IBM announces the world's fastest quantum computer - what does it mean?
They have the potential to change the world.
But what exactly does that mean for you and me? How fast is a 50 qubit quantum computer? And more importantly, should we be excited? To answer all these questions and more let's first take a look at what quantum computers are and, before that, understand why we need them.
The need for quantum computers
Over the last few years, despite computers becoming more efficient and faster than before, what has gone under the radar is the fact that progress in the field of silicon technology – which forms the basis of any computational advancement – has slowed down considerably.
From video games to medical science, many industries have benefitted from the stupendous growth that has been seen in processor making technology over the years. This growth best described by a theory– Moore's Law– named after one of Intel's founding members Gordon Moore observed in 1965 that "transistors were shrinking so fast that every year twice as many could fit onto a silicon chip". In simple terms what Moore basically said was that processors which form the brains of any computer were becoming twice as fast every 12 months. This observation soon became a law, one that remained true the next 5-6 decades. Until it did not.
Earlier in the decade, chipmakers including Intel, started to realise that growth in processor making technology described by Moore's Law will not be sustainable in the coming days. But for a world increasingly looking forward towards artificial intelligence and machine learning to drive it home towards a new future where not only driverless cars but more importantly medical science and biotechnology were in the need for great processing power fit into a small space, this bottleneck in technology had to be circumvented. Enter Quantum computing.
What is a quantum computer
Without going into the difficult-to-explain details, quantum computers are the next big wave in computer and silicon technology that promises to revolutionise the world as we know it. Unlike conventional computing methods that rely upon bits and use the brute force method of running through all possible solutions to find an answer to a problem, quantum computers use qubits that operate in a way which helps them look at maze from a view that helps them directly reach the solution without having to go through all possible negative answers.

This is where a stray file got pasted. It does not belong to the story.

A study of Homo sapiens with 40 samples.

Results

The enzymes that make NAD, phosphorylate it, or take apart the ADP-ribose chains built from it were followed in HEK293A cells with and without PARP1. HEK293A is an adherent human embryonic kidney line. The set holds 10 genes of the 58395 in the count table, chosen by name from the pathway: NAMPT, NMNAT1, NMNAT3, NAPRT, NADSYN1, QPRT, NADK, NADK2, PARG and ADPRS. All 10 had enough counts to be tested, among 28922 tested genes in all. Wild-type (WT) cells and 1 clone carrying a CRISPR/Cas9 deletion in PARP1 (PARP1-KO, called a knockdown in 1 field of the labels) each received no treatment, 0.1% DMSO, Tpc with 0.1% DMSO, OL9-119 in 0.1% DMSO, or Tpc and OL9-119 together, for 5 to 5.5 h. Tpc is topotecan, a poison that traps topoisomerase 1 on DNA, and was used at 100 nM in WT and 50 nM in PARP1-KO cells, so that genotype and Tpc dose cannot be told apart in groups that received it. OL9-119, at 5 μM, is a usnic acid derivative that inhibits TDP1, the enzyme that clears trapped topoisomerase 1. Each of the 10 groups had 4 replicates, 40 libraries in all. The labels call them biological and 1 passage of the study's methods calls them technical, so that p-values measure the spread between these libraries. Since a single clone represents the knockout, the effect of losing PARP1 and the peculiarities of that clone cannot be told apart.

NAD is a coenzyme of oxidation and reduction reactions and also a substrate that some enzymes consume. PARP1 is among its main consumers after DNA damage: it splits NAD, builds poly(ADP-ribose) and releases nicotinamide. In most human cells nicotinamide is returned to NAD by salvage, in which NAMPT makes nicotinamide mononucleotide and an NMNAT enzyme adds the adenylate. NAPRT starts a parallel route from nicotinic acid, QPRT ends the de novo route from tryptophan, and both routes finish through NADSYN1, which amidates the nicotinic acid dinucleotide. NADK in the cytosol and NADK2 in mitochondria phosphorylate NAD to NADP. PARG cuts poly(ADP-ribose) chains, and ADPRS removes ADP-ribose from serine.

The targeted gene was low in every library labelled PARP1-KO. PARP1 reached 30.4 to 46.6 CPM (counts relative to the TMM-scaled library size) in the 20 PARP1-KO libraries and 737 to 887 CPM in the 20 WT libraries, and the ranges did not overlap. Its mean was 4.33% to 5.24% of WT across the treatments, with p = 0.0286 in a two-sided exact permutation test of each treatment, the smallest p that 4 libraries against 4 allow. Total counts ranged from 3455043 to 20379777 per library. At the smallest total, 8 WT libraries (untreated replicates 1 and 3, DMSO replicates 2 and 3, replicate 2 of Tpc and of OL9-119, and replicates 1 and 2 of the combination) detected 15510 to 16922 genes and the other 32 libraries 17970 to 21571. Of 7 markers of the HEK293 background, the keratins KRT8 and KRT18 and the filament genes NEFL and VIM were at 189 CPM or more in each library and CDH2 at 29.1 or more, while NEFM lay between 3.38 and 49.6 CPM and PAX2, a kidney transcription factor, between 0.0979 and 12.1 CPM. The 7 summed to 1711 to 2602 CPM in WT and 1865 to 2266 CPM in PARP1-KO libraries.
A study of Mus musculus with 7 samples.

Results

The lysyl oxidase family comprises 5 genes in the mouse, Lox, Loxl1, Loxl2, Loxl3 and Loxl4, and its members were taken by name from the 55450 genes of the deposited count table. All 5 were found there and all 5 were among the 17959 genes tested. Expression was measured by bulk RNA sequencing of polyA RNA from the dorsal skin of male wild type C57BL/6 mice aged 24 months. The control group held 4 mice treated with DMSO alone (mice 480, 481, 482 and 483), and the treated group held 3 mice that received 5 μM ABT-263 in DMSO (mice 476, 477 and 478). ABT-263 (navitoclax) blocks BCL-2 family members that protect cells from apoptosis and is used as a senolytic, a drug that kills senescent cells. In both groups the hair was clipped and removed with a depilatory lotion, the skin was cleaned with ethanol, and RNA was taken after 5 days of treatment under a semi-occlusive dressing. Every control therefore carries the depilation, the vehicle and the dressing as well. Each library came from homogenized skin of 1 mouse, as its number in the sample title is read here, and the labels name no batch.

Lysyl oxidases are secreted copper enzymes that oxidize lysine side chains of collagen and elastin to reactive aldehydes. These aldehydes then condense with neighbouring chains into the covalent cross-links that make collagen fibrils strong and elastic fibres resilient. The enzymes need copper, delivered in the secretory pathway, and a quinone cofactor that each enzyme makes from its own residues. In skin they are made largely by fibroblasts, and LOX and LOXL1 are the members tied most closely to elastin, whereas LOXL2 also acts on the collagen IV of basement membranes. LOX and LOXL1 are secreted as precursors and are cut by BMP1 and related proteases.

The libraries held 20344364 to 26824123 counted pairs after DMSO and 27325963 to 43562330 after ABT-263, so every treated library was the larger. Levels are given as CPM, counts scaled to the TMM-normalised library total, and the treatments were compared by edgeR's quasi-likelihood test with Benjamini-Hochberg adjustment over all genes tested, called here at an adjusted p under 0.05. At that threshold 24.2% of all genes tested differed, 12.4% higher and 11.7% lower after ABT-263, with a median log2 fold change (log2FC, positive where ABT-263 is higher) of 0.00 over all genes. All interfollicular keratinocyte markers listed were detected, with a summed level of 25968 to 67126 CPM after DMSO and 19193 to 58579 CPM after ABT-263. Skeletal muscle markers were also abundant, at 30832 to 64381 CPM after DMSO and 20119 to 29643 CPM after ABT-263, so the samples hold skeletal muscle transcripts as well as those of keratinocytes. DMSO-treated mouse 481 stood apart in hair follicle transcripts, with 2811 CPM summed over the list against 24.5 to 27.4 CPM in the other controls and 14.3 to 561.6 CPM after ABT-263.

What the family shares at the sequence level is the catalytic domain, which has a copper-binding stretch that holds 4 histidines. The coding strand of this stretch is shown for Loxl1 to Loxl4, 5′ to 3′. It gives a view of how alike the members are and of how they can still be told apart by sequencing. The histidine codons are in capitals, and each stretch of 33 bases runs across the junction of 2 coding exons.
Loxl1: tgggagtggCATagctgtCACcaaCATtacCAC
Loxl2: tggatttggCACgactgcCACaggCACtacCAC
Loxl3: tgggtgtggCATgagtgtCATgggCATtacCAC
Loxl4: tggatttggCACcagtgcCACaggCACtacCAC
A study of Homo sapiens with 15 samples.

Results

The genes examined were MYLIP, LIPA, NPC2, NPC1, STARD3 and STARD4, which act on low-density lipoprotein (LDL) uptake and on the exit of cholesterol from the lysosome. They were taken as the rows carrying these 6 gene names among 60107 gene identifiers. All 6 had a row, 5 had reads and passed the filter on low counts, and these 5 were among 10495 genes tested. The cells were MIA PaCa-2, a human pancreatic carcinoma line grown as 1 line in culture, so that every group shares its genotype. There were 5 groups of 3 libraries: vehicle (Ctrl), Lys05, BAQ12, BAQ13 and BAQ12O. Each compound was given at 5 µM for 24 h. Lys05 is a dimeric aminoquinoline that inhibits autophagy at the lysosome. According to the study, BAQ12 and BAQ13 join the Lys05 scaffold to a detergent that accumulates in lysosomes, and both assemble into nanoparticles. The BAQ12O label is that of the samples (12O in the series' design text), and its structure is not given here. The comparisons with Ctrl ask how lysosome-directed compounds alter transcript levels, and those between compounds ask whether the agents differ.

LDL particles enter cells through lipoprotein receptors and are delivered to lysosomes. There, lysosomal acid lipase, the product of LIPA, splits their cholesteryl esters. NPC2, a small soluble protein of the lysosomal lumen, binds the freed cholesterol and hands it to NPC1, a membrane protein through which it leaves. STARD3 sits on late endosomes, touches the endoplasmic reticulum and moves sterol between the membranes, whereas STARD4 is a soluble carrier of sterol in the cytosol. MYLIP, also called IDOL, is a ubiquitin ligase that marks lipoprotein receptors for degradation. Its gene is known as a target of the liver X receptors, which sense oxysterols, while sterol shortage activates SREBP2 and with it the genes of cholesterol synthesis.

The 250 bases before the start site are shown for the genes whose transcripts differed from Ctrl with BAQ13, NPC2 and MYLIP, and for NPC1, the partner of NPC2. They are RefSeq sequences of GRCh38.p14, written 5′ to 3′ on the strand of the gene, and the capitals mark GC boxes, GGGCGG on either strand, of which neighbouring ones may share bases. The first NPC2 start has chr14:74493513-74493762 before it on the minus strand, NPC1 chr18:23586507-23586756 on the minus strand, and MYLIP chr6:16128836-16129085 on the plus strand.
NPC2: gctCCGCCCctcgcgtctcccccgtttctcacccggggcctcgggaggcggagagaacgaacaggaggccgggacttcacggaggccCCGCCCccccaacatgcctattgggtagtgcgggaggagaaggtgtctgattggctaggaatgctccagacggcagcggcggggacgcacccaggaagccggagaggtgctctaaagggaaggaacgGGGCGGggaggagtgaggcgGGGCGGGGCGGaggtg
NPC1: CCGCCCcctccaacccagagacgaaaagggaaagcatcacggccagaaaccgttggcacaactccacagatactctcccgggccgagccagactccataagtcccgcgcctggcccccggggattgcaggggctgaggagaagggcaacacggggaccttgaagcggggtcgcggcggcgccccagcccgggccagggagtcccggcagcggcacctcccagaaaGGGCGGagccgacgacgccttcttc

To break it down some more, as explained by The Wall Street Journal in an article, quantum computers are so efficient in their job that "the computing power of a data center stretching several city blocks could theoretically be achieved by a quantum chip the size of the period at the end of this sentence".
So should we be excited?
So quantum computers are great news. Even Microsoft's CEO Satya Nadella recently said so at India Today Conclave Next 2017, when he spoke about how quantum computers could change the world as we know it. But are they?
At the conclave, Nadella spoke of the challenges that remain for technology, many of which he explained will be tackled by quantum computing.
"We still cannot model enzymes in food production that will be crucial to solving the world's food needs... For the last 10 years, Microsoft has been working towards quantum computing that will help find solutions to such problems currently not possible to solve using brute force methods of modern day technology... Quantum computing is the future of technology that will change the way the world works."
Well, the answer to this, like quantum computing, is zero and one, true and false, all at the same time.
As Nadella, and several others have pointed out, quantum computers could theoretically be the answer to some of the major problems that could fundamentally change the world around us. But that is it. For now, much of what is being said about the benefits of quantum computing remains in the realm of theory. There is potential, but not tangible proof of its powers.
Also, it is important to understand that these processors are extremely difficult to make and even more difficult to operate, thus ensuring that they would not become mass use products anytime soon.
Quantum computers need specific algorithms tailored for solving specific problems and excel in certain tasks, like factoring numbers and modelling molecules which require an insane amount of computational power, but they are useless for daily computational needs, hence barring some major technological breakthrough, they will not anytime soon make their way into our daily lives.
Plus, quantum computers, as opposed to classical ones, are extremely error-prone.
For now, we are still awaiting the big breakthrough in science or medicine facilitated by the computational power of a quantum computer. We could stumble upon one in the next few years, or have to wait for 10 or even 20 for something major. Hopefully, this 50 qubit quantum computer by IBM will hasten the progress. For now, we can only hope.